A Neurectomy

A neurectomy, or de-nerving operation, was offered to Otis a few months ago. Since then, it has been on my list of blog subjects, but has never made it to the top. But now here it is.

Neurectomies are sensitive subjects for a number of reasons. The procedure involves severing the problematic nerve leaving the horse pain free. This sounds great, but it`s solving the symptom of the problem, and not the root cause. I remember learning about different psychological treatments in psychology A-level and there was always a big debate about which methods simply covered up the problem and which got to the root cause. Similarly, with physical problems there are true symptoms, such as a broken leg, but also additional symptoms caused by walking with a limp, If you only solve the additional symptoms they`re just going to reoccur because the leg is still broken.

I`m going off on a tangent. Neurectomies are most commonly performed on horses suffering from navicular.

To me, a neurectomy is just stopping the horse feeling pain in the foot, and if they can`t feel the pain will continue to walk or use the limb incorrectly, which will cause problems in other areas of their body. Which will surely cause soundness issues down the line.

Horses can usually return to their normal workload after the surgery… but is it ethical to keep working a horse who has a numb foot? And like I said earlier, if they can`t feel that foot are they more likely to injure it by knocking it against jumps or in the field, and what other strains does it put on their body? I think it`s different if you are going to retire them, and just want them to live out their days pain free.

Onto the cons … although surgery has a higher success rate now due to technological and scientific advances, the nerve will regrow within a couple of years, leaving you in exactly the same position as before. And you can`t repeat the procedure.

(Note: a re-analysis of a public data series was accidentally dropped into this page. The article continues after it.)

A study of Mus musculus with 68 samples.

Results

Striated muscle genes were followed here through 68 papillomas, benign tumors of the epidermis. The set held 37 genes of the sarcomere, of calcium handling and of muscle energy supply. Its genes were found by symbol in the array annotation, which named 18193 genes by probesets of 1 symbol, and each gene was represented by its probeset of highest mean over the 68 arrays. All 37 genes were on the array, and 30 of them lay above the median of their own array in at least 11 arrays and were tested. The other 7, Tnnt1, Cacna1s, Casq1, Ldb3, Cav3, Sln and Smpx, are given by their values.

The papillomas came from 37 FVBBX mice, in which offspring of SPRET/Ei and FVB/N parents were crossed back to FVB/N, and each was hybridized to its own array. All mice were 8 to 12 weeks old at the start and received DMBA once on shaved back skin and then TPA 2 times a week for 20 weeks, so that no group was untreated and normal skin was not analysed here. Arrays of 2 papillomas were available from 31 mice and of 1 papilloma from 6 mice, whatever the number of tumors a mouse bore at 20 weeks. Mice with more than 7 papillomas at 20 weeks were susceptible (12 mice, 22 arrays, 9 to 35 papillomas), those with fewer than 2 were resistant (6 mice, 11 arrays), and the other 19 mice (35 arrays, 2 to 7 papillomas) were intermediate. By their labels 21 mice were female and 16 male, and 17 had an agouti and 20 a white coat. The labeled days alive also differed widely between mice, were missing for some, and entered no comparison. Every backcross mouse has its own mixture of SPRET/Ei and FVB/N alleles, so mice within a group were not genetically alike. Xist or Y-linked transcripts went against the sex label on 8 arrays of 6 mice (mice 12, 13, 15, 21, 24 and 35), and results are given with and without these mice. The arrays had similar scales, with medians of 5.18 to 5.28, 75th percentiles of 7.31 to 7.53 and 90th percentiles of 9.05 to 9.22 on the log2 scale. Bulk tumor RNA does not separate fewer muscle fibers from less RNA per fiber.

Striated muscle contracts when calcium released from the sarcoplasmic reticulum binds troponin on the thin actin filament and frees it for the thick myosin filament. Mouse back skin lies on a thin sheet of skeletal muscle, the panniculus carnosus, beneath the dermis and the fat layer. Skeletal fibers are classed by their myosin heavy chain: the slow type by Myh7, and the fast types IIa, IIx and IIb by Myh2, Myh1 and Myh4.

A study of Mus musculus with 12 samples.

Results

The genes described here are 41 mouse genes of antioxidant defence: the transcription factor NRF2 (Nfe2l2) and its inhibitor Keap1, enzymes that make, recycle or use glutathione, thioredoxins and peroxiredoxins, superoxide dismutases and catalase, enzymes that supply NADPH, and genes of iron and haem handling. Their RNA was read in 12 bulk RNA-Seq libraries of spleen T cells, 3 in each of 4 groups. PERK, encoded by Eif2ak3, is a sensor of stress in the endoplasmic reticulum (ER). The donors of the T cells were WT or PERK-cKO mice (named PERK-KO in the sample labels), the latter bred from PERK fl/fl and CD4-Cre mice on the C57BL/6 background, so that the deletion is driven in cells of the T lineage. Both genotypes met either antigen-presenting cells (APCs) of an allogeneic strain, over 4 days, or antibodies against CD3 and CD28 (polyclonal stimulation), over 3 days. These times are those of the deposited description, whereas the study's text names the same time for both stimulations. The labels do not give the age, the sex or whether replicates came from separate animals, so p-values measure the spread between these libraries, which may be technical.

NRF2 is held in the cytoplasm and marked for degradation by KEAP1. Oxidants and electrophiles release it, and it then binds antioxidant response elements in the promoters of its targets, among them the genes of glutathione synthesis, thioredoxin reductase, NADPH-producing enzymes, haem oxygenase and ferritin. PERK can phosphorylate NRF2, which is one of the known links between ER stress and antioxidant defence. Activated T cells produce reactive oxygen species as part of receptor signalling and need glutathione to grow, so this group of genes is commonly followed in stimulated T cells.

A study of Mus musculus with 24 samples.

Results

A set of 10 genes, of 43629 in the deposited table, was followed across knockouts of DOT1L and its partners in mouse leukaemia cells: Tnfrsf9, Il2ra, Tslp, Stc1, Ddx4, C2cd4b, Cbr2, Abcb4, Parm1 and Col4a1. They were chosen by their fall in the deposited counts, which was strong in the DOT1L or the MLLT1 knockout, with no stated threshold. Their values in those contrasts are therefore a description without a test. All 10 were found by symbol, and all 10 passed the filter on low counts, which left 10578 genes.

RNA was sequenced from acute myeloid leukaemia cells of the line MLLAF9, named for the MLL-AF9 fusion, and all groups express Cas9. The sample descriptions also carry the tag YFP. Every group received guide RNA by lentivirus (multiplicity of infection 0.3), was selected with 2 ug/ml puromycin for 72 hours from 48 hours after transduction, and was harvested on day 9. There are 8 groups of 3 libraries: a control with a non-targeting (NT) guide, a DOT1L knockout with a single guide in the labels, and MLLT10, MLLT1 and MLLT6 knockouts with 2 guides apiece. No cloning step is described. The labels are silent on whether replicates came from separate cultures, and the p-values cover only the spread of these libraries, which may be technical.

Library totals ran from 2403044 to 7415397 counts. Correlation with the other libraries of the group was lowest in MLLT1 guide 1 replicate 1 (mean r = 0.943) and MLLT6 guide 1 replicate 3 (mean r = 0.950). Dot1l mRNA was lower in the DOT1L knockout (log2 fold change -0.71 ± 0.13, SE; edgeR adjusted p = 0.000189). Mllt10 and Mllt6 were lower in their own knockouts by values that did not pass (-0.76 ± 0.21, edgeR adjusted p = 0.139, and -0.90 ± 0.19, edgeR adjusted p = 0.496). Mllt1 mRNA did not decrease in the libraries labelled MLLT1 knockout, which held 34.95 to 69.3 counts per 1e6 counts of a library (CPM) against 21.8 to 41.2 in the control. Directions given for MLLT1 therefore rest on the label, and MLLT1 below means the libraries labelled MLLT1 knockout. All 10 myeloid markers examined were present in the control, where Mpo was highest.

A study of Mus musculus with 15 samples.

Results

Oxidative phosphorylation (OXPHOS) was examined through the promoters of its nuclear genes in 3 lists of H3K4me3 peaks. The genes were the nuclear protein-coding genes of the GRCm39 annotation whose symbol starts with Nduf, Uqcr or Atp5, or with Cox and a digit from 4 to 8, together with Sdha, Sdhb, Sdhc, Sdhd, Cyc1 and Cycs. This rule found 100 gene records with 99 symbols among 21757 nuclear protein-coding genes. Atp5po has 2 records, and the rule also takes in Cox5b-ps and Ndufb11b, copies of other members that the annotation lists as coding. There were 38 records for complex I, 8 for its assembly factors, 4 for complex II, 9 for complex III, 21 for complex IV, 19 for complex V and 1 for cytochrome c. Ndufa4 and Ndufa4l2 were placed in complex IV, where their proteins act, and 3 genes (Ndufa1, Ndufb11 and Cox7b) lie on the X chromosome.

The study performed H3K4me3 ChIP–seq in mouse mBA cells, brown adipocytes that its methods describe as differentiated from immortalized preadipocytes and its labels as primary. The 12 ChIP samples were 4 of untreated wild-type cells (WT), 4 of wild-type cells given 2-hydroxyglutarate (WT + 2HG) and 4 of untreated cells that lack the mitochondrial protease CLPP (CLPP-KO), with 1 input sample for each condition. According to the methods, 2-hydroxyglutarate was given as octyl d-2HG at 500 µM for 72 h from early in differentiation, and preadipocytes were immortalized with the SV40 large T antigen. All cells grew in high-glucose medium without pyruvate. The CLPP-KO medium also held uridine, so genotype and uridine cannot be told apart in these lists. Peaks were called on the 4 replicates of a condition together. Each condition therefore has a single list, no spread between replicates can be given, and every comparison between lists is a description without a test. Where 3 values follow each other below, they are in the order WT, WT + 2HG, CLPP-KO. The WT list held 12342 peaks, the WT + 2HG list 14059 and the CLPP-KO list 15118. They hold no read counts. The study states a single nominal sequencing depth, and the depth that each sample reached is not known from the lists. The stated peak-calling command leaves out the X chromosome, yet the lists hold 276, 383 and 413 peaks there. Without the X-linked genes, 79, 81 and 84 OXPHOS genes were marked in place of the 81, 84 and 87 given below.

Careful management and shoeing routines are needed to prevent further problems as the horse can`t feel his leg, so if he has a foot imbalance it will stress other connective tissue within the hoof capsule. Also, with a de-nerved foot they cannot feel the pain of a foot abscess, which could lead to you not treating it in time and them getting a bone infection.

Neurectomies aren`t traceable, which means that if the horse changes hands their new vet will not be able to identify that they’ve had this procedure, which can lead to mismanagement, or competing illegally.

This procedure seems complicated and has numerous potential complications, with varying success rates. I found an article in Dressage Today that explained it in a fairly non-biased way – check it out here.

I also found a video – watch it here – which was interesting, and augmented my view that it is a last-ditch resort.

In my personal view, I`d want to try every other viable option before a neurectomy because I don’t think it`s fair to expect a horse to be an athlete without the feeling in his foot, and the risk of complications or it being unsuccessful are a heavy weight to balance.


  1. ridexc Jun 19, 2017 / 6:52 pm

    It’s a bit misleading to say that a “nerved” horse “can’t feel his leg”. The nerve that is severed only provides feedback for the heels; the horse still has sensation in the rest of his foot and up the leg. So if a horse were to step on a nail anywhere other than in the heel (or if an abscess were to brew), he would definitely feel it. I would not recommend jumping a horse who has had a neurectomy, but in most cases such a horse would be fine doing flatwork and being turned out as usual. At one of the schools where I teach, we have a beginner school horse who has consistent navicular pain — as he is mostly working at a slow pace with small children, he is an ideal candidate for the procedure and it should extend his useful life by years, without the school having to invest in Tildren or other costly therapies which have mixed results.